Featured photo: Terence Walker curated “SOULiloquies” an interactive art exhibit that celebrates Black legends at the CVA. (photo by Michaela Ratliff)
When Terence Walker views “Contact”— a painting by Dwayne Howell — it’s like looking in a mirror.
“That was me a month ago,” he says, the day his daughter Sakina was born: Jan. 25.
In the image, a man cradles his newborn’s head as the child reaches back at him. His gaze is defined by a yellow ray of light extending from his left eye that surrounds the baby’s head. Viewers can’t help but be drawn to the light as it stands out against the muted tones of blue and gray that define the man. The ray seems to represent knowledge the man intends to pass on to his child or how the child metaphorically is the light of his life.
“Contact” is one of the many pieces of art featured in SOULiloquies: Stories of Underground Legends, an interactive exhibit at the Center for Visual Artists in Greensboro curated by Walker that opened on Feb. 5. Each piece in the exhibit features a corresponding QR code next to it that allows visitors to view further information that relates to each piece.
Using his background in music, Walker says that he wanted to extend the reach of his latest album, 4 the Record, by expressing it in the form of paintings and stories.
Walker has been rapping for over a decade, specializing in conscious hip-hop, a subgenre dense with political messages and themes. With his music, he aims to bring awareness to the plight of the Black community, racism and other issues. In 2016, he released his album Strictly4MyNegus, followed by Strictly4MyNegus Act II: United States of Affliction in 2017. The next album was supposed to be called SOULiloquies: Stories of Underground Legends.
“Initially I just wanted to highlight my grandparents and talk about the underground legends in my life,” he says.
During a car ride to a workshop held at NC A&T State University with New Orleans poet Sunni Patterson, she offered him positive feedback on the albums. She also dropped knowledge of New Orleans’ history and influential Black figures, sparking an idea in Walker.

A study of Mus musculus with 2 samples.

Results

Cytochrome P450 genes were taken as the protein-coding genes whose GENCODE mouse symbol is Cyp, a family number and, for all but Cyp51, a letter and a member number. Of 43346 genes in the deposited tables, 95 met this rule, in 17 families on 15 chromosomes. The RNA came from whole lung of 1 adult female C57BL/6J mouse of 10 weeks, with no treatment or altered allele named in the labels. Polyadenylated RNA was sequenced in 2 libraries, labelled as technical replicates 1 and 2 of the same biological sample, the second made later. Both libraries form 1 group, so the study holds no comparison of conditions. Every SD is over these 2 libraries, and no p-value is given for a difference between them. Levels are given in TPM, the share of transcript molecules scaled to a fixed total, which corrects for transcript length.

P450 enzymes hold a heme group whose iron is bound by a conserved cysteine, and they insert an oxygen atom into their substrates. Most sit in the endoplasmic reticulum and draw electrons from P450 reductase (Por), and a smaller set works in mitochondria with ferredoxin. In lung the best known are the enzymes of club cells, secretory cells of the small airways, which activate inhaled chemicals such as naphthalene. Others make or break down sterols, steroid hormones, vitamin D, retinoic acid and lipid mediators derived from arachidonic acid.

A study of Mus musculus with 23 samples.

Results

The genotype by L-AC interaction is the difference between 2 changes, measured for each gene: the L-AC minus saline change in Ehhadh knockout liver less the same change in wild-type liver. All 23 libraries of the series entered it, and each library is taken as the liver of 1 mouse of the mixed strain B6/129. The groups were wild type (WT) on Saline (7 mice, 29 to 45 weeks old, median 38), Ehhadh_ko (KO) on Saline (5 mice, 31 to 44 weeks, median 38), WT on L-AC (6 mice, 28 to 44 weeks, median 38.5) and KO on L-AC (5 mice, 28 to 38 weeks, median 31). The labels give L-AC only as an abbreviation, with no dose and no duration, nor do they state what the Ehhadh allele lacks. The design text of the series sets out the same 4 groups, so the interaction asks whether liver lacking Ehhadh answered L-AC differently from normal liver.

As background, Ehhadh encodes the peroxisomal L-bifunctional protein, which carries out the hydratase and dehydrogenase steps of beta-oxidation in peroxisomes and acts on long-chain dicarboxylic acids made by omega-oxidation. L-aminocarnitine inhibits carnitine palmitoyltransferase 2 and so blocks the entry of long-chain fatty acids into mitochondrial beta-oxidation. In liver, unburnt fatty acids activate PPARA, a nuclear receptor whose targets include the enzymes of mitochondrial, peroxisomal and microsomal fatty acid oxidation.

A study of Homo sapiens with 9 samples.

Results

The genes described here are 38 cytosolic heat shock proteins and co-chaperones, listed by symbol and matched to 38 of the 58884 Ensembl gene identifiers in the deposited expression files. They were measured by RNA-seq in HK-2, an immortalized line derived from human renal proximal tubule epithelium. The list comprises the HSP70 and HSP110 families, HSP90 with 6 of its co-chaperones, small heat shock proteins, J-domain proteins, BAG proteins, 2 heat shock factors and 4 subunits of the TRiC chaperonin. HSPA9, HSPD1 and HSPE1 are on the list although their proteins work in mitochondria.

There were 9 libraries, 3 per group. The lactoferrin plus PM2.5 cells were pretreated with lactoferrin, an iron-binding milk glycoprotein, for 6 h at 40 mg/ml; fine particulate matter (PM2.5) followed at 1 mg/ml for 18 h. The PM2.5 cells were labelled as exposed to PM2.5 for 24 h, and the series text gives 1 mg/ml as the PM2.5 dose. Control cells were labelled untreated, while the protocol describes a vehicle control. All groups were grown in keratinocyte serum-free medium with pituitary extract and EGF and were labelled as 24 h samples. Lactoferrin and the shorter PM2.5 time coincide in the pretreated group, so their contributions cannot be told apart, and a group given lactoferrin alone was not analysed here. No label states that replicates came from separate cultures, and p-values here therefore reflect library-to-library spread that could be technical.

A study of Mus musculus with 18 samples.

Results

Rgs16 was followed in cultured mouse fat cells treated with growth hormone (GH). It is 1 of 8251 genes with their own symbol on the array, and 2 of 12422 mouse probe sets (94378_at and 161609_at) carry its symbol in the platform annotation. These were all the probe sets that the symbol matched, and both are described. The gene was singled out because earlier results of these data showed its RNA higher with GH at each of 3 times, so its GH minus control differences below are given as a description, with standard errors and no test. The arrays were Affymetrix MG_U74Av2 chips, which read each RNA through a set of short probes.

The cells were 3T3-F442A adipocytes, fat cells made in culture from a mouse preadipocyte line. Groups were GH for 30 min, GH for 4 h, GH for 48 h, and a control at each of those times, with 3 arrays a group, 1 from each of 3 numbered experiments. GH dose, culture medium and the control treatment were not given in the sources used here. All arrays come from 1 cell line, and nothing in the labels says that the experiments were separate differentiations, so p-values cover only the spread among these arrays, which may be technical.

“I was like, Damn, I gotta get the history of all these other underground legends we don’t know,” he says.
He contacted close friends to create books, paintings and poetry to pay homage to the legends in the exhibit.
“I can take it beyond the music,” he says.
The artists were given no restrictions on their creations, dedicating their pieces to those they considered underground legends whether they were musicians, family or even friends.
The walls of the gallery are covered with portraits of hip-hop artists, political activists and local figures. A painting of Winston-Salem musician LB the Poet makes an appearance.
The “Homage to Hip-Hop” section of the exhibition is enhanced by the head-bopping, ’90s rap-influenced beats that play during the exhibit. Two chairs and a TV sit in the corner where viewers can relax and enjoy hip-hop influenced films such as Belly or Paid in Full. Howell’s Earth 718 series combines Black public figures like boxer Mike Tyson with Marvel heroes like the Hulk. The combination of the two figures mirrors and enhances the physical strength of each character. Although he appears green and muscular like the Hulk, the blue boxing shorts Tyson wears and the tribal tattoo on his face are instantly recognizable.
“Big Mama,” a painting by Greensboro artist Carlos Parks, features a matronly Black woman washing what appears to be her grandchild. It is unclear whether Big Mama is dipping or wringing out the washcloth she holds. She carries a slight smile on her face as she spends time with the child. According to Walker, a standout piece of the exhibit is “Nana’s Baptism,” a story written by Morgan Myers that coincides with “Big Mama.”
“As she tells the story, you get to see the image in motion,” he says. “She gives it life.”
Myers speaks as Nana in her story, telling a summarized version of her life to the baby she’s bathing. The sound of water dripping, a chair rocking and the muffled rustling of a towel being spread play in the background, infusing additional texture to the image.
From the music to the art to the stories featured in it, the apparent theme of Black excellence dominates the show. It features Black art by Black artists, with Walker aiming to remind Black people of their history, ancestors’ accomplishments and political activists’ feats. He stresses Black people should never stop seeking knowledge of the people that came before them.
“The more we learn about them, the more we learn about ourselves,” he says.
SOULiloquies: Stories of Underground Legends is on display at the Center for Visual Artists until April 5. To register for the exhibit, visit HeavyEnergyUniversity.com.